After the recent JetBlue customer service nightmare, it appears everyone is talking about customer service. This is a good thing! It is the perfect time for you to evaluate how you handle customer crisis in your business.
When mistakes are made, companies fall into one of three categories. Businesses will:
- Ignore the problem
- Only address the problem if a customer complains
- Proactively identify and correct the problem
Ignore the Problem
To ignore or even deny that a problem has occurred is very dangerous. At best, your customers will abandon you. At worst, they will share their story with the world and you’ll have a public relations fiasco on your hands. When mistakes are made, don’t ignore them! Face them head on.
No Complaints = No Problem
If you never hear from customers about a problem, does that mean you don’t have any problems? No. For every vocal customer that complains, there is a hidden army of silent customers that simply walk away and take their business elsewhere. Only waiting to hear from customers does not give you a realistic view of your operations. Yes, you should handle customer complaints with style, but that can’t be your only policy.
Proactive Customer Service
Business Week magazine this week has a cover story titled “Customer Service Champs.” The opening paragraph of that article highlights Southwest Airlines for their proactive customer service:
Bob Emig was flying home … on Southwest Airlines … when an all-too-familiar travel nightmare began to unfold. After his airplane backed away from the gate, he and his fellow passengers were told the plane would need to be de-iced. When the aircraft was ready to fly two and a half hours later, the pilot had reached the hour limit set by the Federal Aviation Administration, and a new pilot was required. By that time, the plane had to be de-iced again. Five hours after the scheduled departure time, Emig’s flight was finally ready for takeoff.
A customer service disaster, right? Not to hear Emig tell it. The pilot walked the aisles, answering questions and offering constant updates. Flight attendants, who Emig says “really seemed like they cared,” kept up with the news on connecting flights. And within a couple of days of arriving home, Emig, who travels frequently, received a letter from Southwest that included two free round-trip ticket vouchers. “I could not believe they acknowledged the situation and apologized,” says Emig. “Then they gave me a gift, for all intents and purposes, to make up for the time spent sitting on the runway.”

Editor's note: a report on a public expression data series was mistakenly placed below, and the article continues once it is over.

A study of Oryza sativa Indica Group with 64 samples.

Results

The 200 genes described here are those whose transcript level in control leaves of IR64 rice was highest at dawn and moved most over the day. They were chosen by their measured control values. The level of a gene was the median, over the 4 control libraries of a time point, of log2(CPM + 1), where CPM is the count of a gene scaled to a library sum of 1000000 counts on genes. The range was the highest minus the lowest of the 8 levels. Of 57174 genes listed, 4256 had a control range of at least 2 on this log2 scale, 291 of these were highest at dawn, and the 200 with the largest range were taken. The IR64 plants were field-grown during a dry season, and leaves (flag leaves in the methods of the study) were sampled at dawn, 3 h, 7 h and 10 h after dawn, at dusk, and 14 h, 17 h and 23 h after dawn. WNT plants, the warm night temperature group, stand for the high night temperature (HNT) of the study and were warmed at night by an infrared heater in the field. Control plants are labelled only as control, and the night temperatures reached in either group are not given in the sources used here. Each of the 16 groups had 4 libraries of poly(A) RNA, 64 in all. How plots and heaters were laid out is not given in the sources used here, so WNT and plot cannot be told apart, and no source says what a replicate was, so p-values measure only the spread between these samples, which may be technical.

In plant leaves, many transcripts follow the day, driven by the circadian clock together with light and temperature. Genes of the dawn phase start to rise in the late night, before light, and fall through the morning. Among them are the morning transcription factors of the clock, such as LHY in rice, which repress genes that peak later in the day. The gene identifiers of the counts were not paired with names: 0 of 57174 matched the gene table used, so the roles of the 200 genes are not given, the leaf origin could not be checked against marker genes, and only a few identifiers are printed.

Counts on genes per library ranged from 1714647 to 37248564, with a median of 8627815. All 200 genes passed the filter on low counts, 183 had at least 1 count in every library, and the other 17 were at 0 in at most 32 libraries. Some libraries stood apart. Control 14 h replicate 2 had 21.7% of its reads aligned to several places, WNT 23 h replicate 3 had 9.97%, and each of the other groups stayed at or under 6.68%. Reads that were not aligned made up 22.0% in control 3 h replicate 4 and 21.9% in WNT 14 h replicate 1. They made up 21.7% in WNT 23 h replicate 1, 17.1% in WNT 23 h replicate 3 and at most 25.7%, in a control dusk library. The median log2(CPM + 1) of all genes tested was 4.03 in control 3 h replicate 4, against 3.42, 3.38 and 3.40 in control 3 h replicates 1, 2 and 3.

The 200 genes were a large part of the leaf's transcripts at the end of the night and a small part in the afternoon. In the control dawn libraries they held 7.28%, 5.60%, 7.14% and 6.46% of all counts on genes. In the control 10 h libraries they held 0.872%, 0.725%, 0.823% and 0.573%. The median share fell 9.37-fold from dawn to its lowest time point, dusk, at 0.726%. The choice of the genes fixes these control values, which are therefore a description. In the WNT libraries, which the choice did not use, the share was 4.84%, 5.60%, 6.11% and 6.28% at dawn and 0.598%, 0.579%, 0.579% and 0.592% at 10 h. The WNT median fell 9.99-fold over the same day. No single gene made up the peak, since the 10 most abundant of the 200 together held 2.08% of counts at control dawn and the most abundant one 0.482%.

Emig’s “gift” from the airline was … standard procedure for Southwest Airlines, which almost six years ago created a new high-level job that oversees all proactive customer communications with customers. Fred Taylor, who was plucked from the field by President Colleen C. Barrett to fill the role in 2001, coordinates information that’s sent to all frontline reps in the event of major flight disruptions. But he’s also charged with sending out letters, and in many cases flight vouchers, to customers caught in major storms, air traffic snarls, or other travel messes–even those beyond Southwest’s control–that would fry the nerves of a seasoned traveler. “It’s not something we had to do,” says Taylor. “It’s just something we feel our customers deserve.”
In this story, Southwest didn’t wait around to hear about complaints and they surely didn’t ignore problems. They had established company policies to proactively seek out and handle any problems or perceived problems with customers.
Because your customers were dealing with your company at the time things went bad, regardless of whether or not it was your fault, they had a bad experience. To handle a bad situation proactively, you need to handle all problems: both your mistakes and the side effects of events outside of your control.
Uncontrollable circumstances will happen on your watch. Take care of the customer during these times and they will grow into your loyal fan club.